By Bernie Cahiles-Magkilat
The Philippine food producers and manufacturers strongly urged government to address the growing concern on the prohibitive cost of domestic sugar by deregulating the industry and allowing the open importation of the commodity.
“Our domestics processors comprised mostly of small entrepreneurs are really hurting from ASEAN competition. The high cost of sugar in the local market is killing the local industry but favoring foreign competition,” Roberto C. Amores, President of the Philippine Food Exporters, Inc (Philfoodex) said in a statement.
Amores said that Philippine confectionery products cannot compete in ASEAN mainly due to the prohibitive cost of sugar, which is an important ingredient in food processing. He cited that Thailand’s refined sugar in the retail market is only P31-34/kilo or 19.00-21.00 baht compared to P60-65 per kilo in the Philippines.
Earlier, the Philippine Chamber of Commerce and Industry (PCCI), the largest business organization in the country, welcomed the government pronouncement to open up sugar importation to make the industry more competitive.
This came as a result of the advocacies initiated in 2018 by the Philfoodex, PCCI and the Philippine Exporters Confederation, Inc. (PHILEXPORT). The umbrella organizations formalized their repeated appeal to the Department of Agriculture (DA) and the Sugar Regulatory Administration (SRA) to allow domestic food processors and manufacturers to import sufficient quantity of sugar for domestic food processors to make them more competitive and sustainable.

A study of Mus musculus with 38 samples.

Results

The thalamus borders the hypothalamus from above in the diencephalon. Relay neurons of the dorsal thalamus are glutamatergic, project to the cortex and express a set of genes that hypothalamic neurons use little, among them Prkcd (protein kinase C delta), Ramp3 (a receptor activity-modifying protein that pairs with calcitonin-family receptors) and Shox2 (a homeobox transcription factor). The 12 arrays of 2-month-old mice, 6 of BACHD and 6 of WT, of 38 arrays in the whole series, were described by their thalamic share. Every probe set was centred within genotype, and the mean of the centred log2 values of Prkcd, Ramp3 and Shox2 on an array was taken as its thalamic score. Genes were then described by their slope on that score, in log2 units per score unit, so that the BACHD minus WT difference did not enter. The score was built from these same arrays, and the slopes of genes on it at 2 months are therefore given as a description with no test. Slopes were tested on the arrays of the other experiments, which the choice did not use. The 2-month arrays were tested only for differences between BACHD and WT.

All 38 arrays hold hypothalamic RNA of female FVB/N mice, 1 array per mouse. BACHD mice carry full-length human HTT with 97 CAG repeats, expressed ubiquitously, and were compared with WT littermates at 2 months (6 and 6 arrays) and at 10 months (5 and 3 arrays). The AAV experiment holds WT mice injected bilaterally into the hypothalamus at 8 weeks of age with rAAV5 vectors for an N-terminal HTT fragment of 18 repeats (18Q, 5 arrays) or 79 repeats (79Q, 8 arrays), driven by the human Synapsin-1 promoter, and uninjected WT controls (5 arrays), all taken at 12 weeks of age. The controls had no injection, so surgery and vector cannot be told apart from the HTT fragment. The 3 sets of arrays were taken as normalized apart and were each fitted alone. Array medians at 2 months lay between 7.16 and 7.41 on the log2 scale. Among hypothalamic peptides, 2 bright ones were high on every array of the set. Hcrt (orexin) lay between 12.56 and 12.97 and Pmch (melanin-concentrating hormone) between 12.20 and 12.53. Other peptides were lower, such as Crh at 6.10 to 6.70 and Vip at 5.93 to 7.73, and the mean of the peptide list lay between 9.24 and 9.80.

Amores said that deregulating sugar industry would be beneficial to all stakeholders, including processors, farmers and consumers. “We are glad that our government is listening to our concerns because this has become a burden on our part. We absolutely cannot compete with similar products from ASEAN because our sugar is relatively too expensive,” he said.
Former President and now Speaker of the House Gloria Macapagal Arroyo signed the Executive Order 892 “modifying the rates of import duty on sugar under the Tariff and Customs Code of 1978, as amended in order to implement tariff reduction schedule on sugar products through the invocation of the protocol to provide special consideration for rice and sugar under the Common Effective Preferential Tariff Scheme for the ASEAN Free Trade Area (CEPT-AFTA)/ASEAN Trade in Goods Agreement (ATIGA).” This protocol calls for the gradual reduction of sugar from 35 percent in 2010 to now 5 percent.
Former Department of Budget and Management (DBM) Secretary and now Bangko Sentral Governor Benjamin Diokno has earlier announced that the government direction is now geared towards liberalizing the agriculture sector through freer importation following the enactment into law of the Rice Tariffication Bill.